As analysts and bloggers announced their predicted trends for the retail industry in 2018, and one common theme was clear: consumer participation is key to developing a positive and profitable in-store experience. One of the ways in which high-end retailers are looking to enhance their offering is by using Augmented and Virtual Reality experiences in their physical stores. Yes, both the demand and the technology is there, so what’s the issue?
The problem is as such: 72% of 25-34 year old consumers would like to see VR and AR used in-store, but the vast majority have no idea as to how it should be implemented effectively. This is according to a recent study by Opinium, which suggests that this technology is both exciting and baffling, in equal measure. It is clear that AR and VR will play a role in the retail solutions of the future, but it seems that the first obstacle in maximising their potential is to actually make these technological innovations relevant to both product and purchase. Why will virtual reality replace traditional retail engagement, and what forms will these virtual capabilities take?
“While VR and AR are undeniably ‘cool’, there is no practicality in customers wandering round stores with VR headsets on, or looking through the camera on their phone.”
Well, this technology has already been gradually rolled out in outlets worldwide, and to considerable effect. Fashion and beauty outlets – so often at the forefront of retail innovation – provide some thought-provoking examples of this technology being used successfully. For one, Holition created a world first in-store Virtual Footwear experience for VANS, a US manufacturer of shoes. The Virtual Vans Mirror (VVM) was a great leap in innovation, and ‘created a buzz instore as well as the wider industry’, if they do say so themselves.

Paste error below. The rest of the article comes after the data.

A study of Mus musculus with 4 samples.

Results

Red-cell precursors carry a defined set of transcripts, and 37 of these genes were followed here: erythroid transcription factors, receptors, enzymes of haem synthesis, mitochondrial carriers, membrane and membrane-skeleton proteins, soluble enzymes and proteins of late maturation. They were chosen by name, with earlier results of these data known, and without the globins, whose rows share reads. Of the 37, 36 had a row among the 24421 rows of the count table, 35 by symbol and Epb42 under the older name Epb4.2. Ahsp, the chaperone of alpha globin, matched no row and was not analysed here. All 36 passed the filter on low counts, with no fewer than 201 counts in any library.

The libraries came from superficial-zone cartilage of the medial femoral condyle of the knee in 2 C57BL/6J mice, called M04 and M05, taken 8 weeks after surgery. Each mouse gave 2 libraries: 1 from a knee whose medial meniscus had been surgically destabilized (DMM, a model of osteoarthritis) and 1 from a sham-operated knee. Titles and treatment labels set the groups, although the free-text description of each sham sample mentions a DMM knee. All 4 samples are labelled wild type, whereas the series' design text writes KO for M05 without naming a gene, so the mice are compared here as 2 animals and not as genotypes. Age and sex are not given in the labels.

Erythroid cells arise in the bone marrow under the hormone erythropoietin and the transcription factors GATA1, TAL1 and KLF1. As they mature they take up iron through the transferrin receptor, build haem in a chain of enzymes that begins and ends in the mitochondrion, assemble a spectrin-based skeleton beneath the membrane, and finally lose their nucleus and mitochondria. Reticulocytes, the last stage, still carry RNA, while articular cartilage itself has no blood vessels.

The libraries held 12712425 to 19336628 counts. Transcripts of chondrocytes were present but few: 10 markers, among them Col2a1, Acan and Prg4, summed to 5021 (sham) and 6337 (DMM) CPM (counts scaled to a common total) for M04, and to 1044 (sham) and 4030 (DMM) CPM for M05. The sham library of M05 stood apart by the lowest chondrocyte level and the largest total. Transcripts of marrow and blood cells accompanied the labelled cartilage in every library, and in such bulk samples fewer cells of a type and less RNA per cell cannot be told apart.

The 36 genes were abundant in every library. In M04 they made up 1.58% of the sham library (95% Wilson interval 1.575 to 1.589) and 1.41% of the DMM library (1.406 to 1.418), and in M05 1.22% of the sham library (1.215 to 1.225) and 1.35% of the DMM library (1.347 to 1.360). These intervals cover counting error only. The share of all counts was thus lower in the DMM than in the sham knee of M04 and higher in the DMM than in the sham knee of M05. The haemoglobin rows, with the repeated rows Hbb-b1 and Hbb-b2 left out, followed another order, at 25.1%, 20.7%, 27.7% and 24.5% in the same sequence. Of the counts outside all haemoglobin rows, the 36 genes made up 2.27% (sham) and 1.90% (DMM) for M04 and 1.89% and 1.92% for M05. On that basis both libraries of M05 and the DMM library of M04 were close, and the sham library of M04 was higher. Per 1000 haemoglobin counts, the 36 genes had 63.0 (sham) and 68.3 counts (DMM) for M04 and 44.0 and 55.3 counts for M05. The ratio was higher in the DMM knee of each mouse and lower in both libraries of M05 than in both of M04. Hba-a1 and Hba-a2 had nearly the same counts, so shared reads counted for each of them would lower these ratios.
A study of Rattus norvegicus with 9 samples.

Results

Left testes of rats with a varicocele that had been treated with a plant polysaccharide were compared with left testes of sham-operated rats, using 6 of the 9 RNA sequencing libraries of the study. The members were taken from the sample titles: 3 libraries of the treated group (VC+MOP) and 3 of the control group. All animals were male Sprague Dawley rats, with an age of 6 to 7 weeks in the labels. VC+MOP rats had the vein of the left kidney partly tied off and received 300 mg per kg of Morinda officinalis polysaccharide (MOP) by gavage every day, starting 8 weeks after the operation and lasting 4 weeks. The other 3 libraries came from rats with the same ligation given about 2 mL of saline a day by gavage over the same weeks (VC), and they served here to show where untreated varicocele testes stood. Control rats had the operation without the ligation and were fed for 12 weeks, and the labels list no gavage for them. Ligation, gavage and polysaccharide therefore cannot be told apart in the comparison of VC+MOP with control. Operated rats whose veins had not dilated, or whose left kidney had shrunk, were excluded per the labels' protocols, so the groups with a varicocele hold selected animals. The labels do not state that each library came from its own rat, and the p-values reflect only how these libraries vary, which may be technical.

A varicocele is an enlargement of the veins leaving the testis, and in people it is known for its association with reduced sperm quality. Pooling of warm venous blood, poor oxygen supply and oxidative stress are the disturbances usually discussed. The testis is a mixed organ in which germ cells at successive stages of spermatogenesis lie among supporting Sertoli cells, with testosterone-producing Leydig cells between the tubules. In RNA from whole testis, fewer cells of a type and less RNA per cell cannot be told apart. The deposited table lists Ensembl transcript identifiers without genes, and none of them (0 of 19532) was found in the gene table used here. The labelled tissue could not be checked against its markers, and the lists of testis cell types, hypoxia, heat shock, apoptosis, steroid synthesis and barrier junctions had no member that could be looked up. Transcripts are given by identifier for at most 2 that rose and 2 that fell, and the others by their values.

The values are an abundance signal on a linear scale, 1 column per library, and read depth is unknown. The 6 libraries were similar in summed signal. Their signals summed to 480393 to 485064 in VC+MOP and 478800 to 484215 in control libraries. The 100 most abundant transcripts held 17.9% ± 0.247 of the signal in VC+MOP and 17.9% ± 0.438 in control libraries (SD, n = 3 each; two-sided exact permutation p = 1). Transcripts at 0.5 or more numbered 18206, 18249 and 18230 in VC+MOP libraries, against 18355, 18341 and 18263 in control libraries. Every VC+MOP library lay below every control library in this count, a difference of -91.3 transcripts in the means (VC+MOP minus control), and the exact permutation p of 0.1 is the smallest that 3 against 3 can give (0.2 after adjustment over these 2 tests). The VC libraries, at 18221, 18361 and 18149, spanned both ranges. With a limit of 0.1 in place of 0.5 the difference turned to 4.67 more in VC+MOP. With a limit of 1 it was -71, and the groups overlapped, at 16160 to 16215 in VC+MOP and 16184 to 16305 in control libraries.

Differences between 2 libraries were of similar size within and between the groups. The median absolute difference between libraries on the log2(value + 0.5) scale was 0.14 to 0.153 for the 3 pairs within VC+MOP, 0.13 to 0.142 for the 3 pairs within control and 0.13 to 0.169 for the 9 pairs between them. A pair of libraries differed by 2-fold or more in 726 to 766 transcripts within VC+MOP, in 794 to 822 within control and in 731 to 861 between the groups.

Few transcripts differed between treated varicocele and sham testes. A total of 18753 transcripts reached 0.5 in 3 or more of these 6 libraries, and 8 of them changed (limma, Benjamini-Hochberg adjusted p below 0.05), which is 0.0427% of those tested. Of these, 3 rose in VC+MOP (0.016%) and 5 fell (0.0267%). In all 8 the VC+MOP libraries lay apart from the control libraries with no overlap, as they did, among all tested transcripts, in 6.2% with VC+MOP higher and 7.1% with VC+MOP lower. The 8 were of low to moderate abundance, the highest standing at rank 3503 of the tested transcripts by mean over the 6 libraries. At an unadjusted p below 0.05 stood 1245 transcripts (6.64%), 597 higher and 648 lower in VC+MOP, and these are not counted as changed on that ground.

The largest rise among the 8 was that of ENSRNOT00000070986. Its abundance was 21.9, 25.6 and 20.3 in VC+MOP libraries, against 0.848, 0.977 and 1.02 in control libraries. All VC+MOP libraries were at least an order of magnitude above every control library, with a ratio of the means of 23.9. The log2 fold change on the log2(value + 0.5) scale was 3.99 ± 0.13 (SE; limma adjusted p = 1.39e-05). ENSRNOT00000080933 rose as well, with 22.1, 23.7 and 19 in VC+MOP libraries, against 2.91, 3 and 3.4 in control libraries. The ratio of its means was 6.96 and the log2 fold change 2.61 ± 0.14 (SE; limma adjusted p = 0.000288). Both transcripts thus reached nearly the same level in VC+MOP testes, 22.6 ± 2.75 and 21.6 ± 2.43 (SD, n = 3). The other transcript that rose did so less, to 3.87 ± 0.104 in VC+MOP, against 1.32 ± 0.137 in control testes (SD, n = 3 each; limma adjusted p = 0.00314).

Nike were also experimenting with this technology as early as 2010, when a now-outdated version of AR software was implemented in a handful of shopping malls in the US. This software allowed virtual wearing of the football jersey that the consumer desired, letting the customer ‘try on’ a number of strips in a ‘Magic Mirror’. As a marketing tool, it worked. Over 25,000 users engaged with the activity and posted their photos to social media, which then reached at least 650,000 consumers worldwide.
One last example of AR being used successfully can be found in MAC Makeup stores, where customers can use magical mirrors to try out different makeup shades, with results (or so they say) no different to when a makeup artist applies products to your face. MAC have announced that ‘these mirrors provide an unprecedented level of realism’, in what will certainly induce a game-changing shift in health and beauty retail.
Right, so it can work, so why the confusion?
One scepticism is that, while VR and AR are undeniably ‘cool’, there is no practicality in customers wandering round stores with VR headsets on, or looking through the camera on their phone. However, the excitement and hype that these virtual experiences create makes them hugely lucrative marketing tools, as even the primitive Nike ‘Magic Mirror’ experience proves. It’s also worth pointing out that, as of January 2018, Amazon have filed a patent for a completely up-to-date version of this AR mirror technology, so there’s that vote of confidence too.
What is certain is that, in a market that demands and expects entertainment, both AR and VR will play a significant part in the future of the retail industry. These innovations provide a real-life brand experience, and as soon as brands can effectively realise the potential of the technology in customer engagement, they can reap the success that will surely follow.